It is always interesting to compare the Fed, ECB and Bank of England. For both the Fed and ECB it has been quite a year for innovation. At the Fed the most recent announcements in terms of forward guidance can be seen as just a development of how it began the year, by publishing its own forecasts for interest rates. Once you tell others how you expect policy to develop given one (central) projection of how the economy will go, it is natural to say how it might develop in other circumstances. Just as it seemed to me the first development was eminently sensible (but others disagreed), so I think recent moves are as well.
Do they mark a substantial shift in policy? Brad DeLong thinks so, but Paul Krugman is more downbeat. I think the answer depends on the timespan you are looking at. In terms of the very recent developments, they are perhaps not a huge shift, although I agree with Mark Thoma that raising the inflation target from an ‘apparent 2%’ to a ‘definitely at least 2.5%’ is significant. Seen over the year as a whole, and including the idea of continuing QE, I think it is an important change.
The ECB has also had an innovative year, but from a different starting point. OMT was a big deal not in terms of central bank practice - it just allows the ECB to do what others are doing already, but with a much more limited remit and under conditionality - but it was a big deal in terms of the mindset of the ECB. However, whereas I think the Fed has been consistently building one innovation on top of another, it seems as if OMT was such an effort for the ECB that they want a rest for at least a year or so. But the Eurozone is starting a new recession, while the US is at least growing. So in terms of what is needed, the ECB is looking at least as out of touch with reality as they did a year ago.
Which brings us to the UK. Now it was only a Christmas Party, but Stephanie Flanders’ account of Bank reactions to the Fed moves sound depressingly plausible. I remember hearing similar reactions to Fed policy as the financial crisis began (‘they will regret cutting rates so quickly’), and to their publication of interest rate forecasts (‘a rod for their backs’). Now if everything was hunky dory in the UK such conservatism might be forgiven, but its not. So it seems that if you want innovation at the Bank, it needs to be imposed from outside.
Which is why this recent speech from Mark Carney has attracted a lot of interest. It has been interpreted by some as arguing for NGDP targets, but I think it is more nuanced than that. Carney clearly argues that forward guidance is useful, but it is much more useful for a country like the US which does not have an overriding inflation mandate than it could ever be for the UK which does. The Bank of England, whoever is Governor, will never say that they will not think about raising interest rates until inflation goes beyond 2.5% because they would be clearly going outside their remit.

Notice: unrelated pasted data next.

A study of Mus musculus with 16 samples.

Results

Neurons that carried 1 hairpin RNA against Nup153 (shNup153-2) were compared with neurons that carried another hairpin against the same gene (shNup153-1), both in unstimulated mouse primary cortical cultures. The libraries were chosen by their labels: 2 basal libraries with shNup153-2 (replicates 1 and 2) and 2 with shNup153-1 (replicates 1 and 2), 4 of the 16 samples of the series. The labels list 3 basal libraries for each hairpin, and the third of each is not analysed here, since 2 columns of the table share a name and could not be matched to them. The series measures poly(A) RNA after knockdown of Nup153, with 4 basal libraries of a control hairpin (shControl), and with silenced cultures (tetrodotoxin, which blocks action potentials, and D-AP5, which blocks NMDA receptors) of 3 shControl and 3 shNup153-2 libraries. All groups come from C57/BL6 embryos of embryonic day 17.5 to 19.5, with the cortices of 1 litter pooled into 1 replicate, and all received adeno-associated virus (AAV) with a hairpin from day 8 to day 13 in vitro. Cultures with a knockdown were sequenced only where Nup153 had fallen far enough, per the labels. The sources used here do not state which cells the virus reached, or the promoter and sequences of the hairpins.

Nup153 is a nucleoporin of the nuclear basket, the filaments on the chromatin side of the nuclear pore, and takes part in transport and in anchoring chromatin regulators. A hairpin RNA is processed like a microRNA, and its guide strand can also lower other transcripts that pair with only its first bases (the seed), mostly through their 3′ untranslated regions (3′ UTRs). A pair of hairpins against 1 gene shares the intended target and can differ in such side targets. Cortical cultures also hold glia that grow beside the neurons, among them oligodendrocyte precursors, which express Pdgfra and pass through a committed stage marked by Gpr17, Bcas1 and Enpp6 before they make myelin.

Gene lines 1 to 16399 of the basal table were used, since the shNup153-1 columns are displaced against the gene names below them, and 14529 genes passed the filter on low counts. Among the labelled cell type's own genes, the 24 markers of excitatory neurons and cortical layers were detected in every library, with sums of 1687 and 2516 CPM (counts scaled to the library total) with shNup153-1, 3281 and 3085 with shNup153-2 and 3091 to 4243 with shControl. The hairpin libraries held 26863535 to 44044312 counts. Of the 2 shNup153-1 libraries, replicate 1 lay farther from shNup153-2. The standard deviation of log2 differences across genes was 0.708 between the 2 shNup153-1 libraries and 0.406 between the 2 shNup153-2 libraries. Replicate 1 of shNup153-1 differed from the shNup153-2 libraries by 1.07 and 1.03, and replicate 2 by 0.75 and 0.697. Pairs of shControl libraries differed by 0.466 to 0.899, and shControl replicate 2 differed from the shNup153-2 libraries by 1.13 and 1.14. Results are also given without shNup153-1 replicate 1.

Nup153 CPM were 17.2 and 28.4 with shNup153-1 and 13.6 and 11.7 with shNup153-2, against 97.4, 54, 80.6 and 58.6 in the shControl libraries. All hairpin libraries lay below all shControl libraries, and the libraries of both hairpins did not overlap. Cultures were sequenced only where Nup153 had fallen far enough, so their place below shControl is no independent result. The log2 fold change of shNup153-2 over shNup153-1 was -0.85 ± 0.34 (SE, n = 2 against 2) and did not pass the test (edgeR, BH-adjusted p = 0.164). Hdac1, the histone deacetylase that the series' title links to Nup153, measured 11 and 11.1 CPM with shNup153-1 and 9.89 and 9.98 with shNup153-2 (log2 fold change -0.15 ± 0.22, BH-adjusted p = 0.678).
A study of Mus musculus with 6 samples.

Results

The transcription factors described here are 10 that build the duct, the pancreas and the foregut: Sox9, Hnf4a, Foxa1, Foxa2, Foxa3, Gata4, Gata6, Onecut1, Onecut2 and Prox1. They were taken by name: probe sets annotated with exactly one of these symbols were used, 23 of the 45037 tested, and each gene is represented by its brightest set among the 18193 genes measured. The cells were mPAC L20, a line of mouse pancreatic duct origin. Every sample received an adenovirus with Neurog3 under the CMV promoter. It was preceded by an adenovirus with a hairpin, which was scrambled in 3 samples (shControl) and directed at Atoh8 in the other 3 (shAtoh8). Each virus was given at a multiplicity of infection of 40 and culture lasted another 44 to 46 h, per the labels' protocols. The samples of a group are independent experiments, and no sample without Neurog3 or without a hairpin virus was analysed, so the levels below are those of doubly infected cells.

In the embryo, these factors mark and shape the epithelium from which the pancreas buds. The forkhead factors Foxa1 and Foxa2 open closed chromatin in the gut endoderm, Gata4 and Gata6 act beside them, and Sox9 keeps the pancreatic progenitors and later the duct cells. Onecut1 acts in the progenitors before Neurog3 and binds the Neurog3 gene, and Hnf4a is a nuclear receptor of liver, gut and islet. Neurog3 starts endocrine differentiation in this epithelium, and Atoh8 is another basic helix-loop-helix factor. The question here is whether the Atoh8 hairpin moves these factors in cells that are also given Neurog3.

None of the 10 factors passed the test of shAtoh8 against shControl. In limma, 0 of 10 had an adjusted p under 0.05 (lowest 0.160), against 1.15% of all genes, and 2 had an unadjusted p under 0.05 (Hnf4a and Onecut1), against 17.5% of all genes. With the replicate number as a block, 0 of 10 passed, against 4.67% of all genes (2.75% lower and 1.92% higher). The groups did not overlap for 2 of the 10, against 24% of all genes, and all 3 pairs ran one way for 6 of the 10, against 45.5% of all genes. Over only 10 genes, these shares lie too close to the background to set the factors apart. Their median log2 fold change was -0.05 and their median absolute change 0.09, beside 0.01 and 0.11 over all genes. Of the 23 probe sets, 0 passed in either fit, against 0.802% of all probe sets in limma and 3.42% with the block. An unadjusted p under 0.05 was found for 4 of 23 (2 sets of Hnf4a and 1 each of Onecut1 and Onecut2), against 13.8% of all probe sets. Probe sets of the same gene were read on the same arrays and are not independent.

On NGDP targets, Carney is quite equivocal about their use in normal times, but sees clear advantages as a device for dealing with the Zero Lower Bound (ZLB). So one interpretation of his remarks is that, yes, they might have been useful back in 2008/9, but they are less useful today. However I think its also possible to take a more optimistic view. As long as we do not treat the survey evidence too seriously, acknowledging that there is a significant output gap (x% say) implies that any NGDP path has to start at a point x% above current NGDP. So even if the long term desired NGDP growth rate is 4% (2% real + 2% nominal), the target for NGDP growth for the year the policy begins will be 4%+x%, which implies a much more aggressive monetary expansion than we have at present.
To get this aggressive monetary stimulus for the UK, I still prefer my suggestion of moving temporarily to a 4% earnings growth target. (Latest number 1.3%.) There are two reasons. First, this puts no upper limit on GDP growth. If in fact the output gap is y% rather than x%, where y is much higher than x, a 4% earnings path will not stop us closing that gap quickly, whereas a NGDP path based on x% might. Second, I take a pessimistic view that x% will be chosen very conservatively, as a price for what will be seen by the indigenous Bank as a radical move. I can also see it taking time to come, because the new Governor will want to persuade, rather than impose his views. If, indeed, these are his views, which as I suggest above the speech leaves open.
I want to end by returning to the general theme of central bank innovation, and the lack of it in the UK. In the reaction on the Carney speech, one report suggested that the Chancellor was open to new ideas that might come from the new Governor. I think this tells you a lot about the current Chancellor. Even though he is in charge of the monetary policy framework and the target itself, he still waits for any suggestion of change to come from the Bank. I cannot imagine Gordon Brown, or indeed Alistair Darling or Nigel Lawson, waiting to hear from the Bank before thinking about changing macroeconomic policy. Perhaps the curtains of No.11 are closed while others do all the hard work?